Netvet007

Sourdough bread not rising much

I made Hammelman's Sourdough Seed Bread this week.  I did not know what to expect for size of loaf but I carefully followed recipe. It was 75% final hydration and dough was somewhat sticky.

I used my 100% hydration sourdough starter from the fridge and refreshed it with a 1:2:2 feeding Tuesday a.m.  Then, I built the levain per his instructions Tuesday night.  Wednesday a.m. I made the final mix. I did two folds and the bulk fermentation went well, I thought.  Two and a half hours later, I put my divided dough into two bannetons, slipped them into plastic bags and put in refrigerator around noon. Waited patiently.  This a.m., took boules out of fridge and....it didn't seem like there was any rise at all!  See picture.

I decided to try an experiment.  I dumped the dense dough on the counter and slashed it and put in preheated Dutch oven and baked it.  The other loaf, I put back into refrigerator to bake later.  I baked that one after 8 more hours in refrigerator and two hours on counter at room temperature.  That one didn't rise much either.  Baked it anyway.

I will post pics of each loaf.  I will say that the crumb on the first loaf seemed ok and it tasted fabulous.  Loaf looked ok but seemed too small.  Was my starter not ready for the heavy lifting? I've had great luck with my sourdough starter with other recipes.  

Any ideas?

Lisa

Netvet007's picture
Netvet007

 

 

Here is the first loaf.  Seems too small.

Lisa

Netvet007's picture
Netvet007

Here is the crumb.  

OldWoodenSpoon's picture
OldWoodenSpoon

but I think you got a very nice loaf of bread there!  I have no comment on the diameter of the loaf, but the crust color is beautiful, and the crumb looks excellent visually.  You have a nice distribution of large and small holes, no thick, dense spots to make one suspect under-proofing, and you got nice loft.  All in, I think it's very good.

You must remember that there is a very heavy weight of seeds and grain in this loaf, and they carry a lot of moisture over into the dough making it heavier still, so it is harder for the yeast to lift it up.  That's is why he calls for high gluten flour instead of plain "bread" flour for this loaf (in the first edition of his book, at least).  That makes for a heavy-weight loaf and the yeast better be ready for the heavy lifting.

That leads me to your starter.  You said you pulled your starter out of the refrigerator and refreshed it only once.  You did not say how long it had been in storage, how it had been refreshed before it went in, or how long it had to get going before you put it away.  All of those factors will impact the vigor of your starter when you take it out.  I also store my 100% hydration starter in the fridge.  I feed it and give it at least an hour, but no more than two hours, to get active before I put it away.  Then I always refresh it at least twice after I take it out, especially if it has been more than a week in refrigeration.  Sometimes it takes 3 refreshes to get it properly revved up, especially if it has been in storage for a couple of weeks.  If it were my starter it would have trouble being vigorous enough to raise this loaf after only one refreshment out of storage.  It really looks like yours did just fine though.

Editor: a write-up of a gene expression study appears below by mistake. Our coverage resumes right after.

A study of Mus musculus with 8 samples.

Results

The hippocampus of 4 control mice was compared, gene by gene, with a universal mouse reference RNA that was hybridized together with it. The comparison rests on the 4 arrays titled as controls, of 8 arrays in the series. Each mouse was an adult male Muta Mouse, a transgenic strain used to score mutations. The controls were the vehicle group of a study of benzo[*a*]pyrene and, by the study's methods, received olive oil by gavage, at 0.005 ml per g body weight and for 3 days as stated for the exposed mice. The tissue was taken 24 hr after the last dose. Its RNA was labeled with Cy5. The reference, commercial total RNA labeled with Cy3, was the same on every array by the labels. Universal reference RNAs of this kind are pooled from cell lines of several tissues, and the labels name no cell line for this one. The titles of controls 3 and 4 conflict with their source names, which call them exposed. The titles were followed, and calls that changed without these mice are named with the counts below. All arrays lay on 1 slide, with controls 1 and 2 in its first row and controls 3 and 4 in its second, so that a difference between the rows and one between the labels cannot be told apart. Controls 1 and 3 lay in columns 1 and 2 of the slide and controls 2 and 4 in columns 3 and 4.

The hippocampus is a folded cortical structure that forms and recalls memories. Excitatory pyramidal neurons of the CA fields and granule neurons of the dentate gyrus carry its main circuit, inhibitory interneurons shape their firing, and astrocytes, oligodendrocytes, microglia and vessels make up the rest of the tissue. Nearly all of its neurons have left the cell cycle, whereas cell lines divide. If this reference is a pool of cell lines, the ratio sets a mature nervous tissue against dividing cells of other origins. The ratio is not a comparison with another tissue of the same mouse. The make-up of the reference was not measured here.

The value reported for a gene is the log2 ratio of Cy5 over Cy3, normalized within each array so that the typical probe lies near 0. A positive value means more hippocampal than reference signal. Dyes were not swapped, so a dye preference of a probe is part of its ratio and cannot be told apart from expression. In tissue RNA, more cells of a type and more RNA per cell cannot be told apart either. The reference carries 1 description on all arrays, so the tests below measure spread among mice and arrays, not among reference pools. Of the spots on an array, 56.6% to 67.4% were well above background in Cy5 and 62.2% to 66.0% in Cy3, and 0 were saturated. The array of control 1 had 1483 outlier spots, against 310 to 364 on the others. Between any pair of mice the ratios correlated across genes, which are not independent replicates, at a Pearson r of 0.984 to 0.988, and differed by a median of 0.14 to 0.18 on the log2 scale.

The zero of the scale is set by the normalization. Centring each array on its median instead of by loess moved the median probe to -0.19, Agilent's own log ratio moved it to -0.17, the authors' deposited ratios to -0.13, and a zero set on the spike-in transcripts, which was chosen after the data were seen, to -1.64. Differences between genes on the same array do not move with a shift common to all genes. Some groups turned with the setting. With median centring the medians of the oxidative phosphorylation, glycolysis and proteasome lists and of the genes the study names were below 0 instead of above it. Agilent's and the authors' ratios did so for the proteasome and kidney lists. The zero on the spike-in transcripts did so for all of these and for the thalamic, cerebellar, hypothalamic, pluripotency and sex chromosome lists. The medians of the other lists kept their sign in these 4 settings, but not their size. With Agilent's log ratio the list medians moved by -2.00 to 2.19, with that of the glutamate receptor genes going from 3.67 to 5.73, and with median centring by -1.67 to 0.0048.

Well, that's my opinion anyway.  You will get more.   But take my word for it:  that's a nice loaf of bread!
OldWoodenSpoon

TKP's picture
TKP

I agree with the Old Spoon. That's a fine looking loaf you've got there. 

Netvet007's picture
Netvet007

I did use only bread flour, not high gluten (not listed as needed in the second edition).  My starter is fed weekly, and usually put back in fridge two hours after feeding,  this last time, I think I forgot and put it away 12 hours later. 

I usually refresh once but next time, I will try two feedings before final build.  The loaf tasted wonderful and got high marks from hubby so it was great that way.  Just thought I needed more lift so will try again with suggestions given.

Here was the other loaf I proofed longer.

 

dabrownman's picture
dabrownman

You have a very nice loaf of bread.  Great bloom and color - the spring is nice too.  The crumb is very good too.,  No Worries!

Nice baking

DavidEF's picture
DavidEF

Your bread looks wonderful. On the subject of sourdough rise: I wonder why you expected a rise in the refrigerator. What temp is your fridge? Sourdough basically quits rising at fridge temp, or at least mine does. It flattens out and does nothing until it is brought back up to room temperature. You can speed it up by putting it into a very warm place like an oven heated to 80 or 90 degrees Fahrenheit. The oven light works fine for this. Different sourdough cultures work differently, of course, but I've never heard of one actually rising in cold storage. I haven't looked at the recipe, but as others have said, your loaves look like they did well, even if the size is not what was to be expected.

Dragonbones's picture
Dragonbones

Like OldWoodenSpoon, I find I need to refresh my starter at room temp a few times to get it vigorous enough. And like DavidEF, I wonder why you expected a rise in the fridge. Even after pulling the loaves out of the fridge, in cooler weather, and with the loaves cold out of the fridge, I'd probably expect the rise to happen in about 6-7 hours, not 2. Beautiful loaves, though!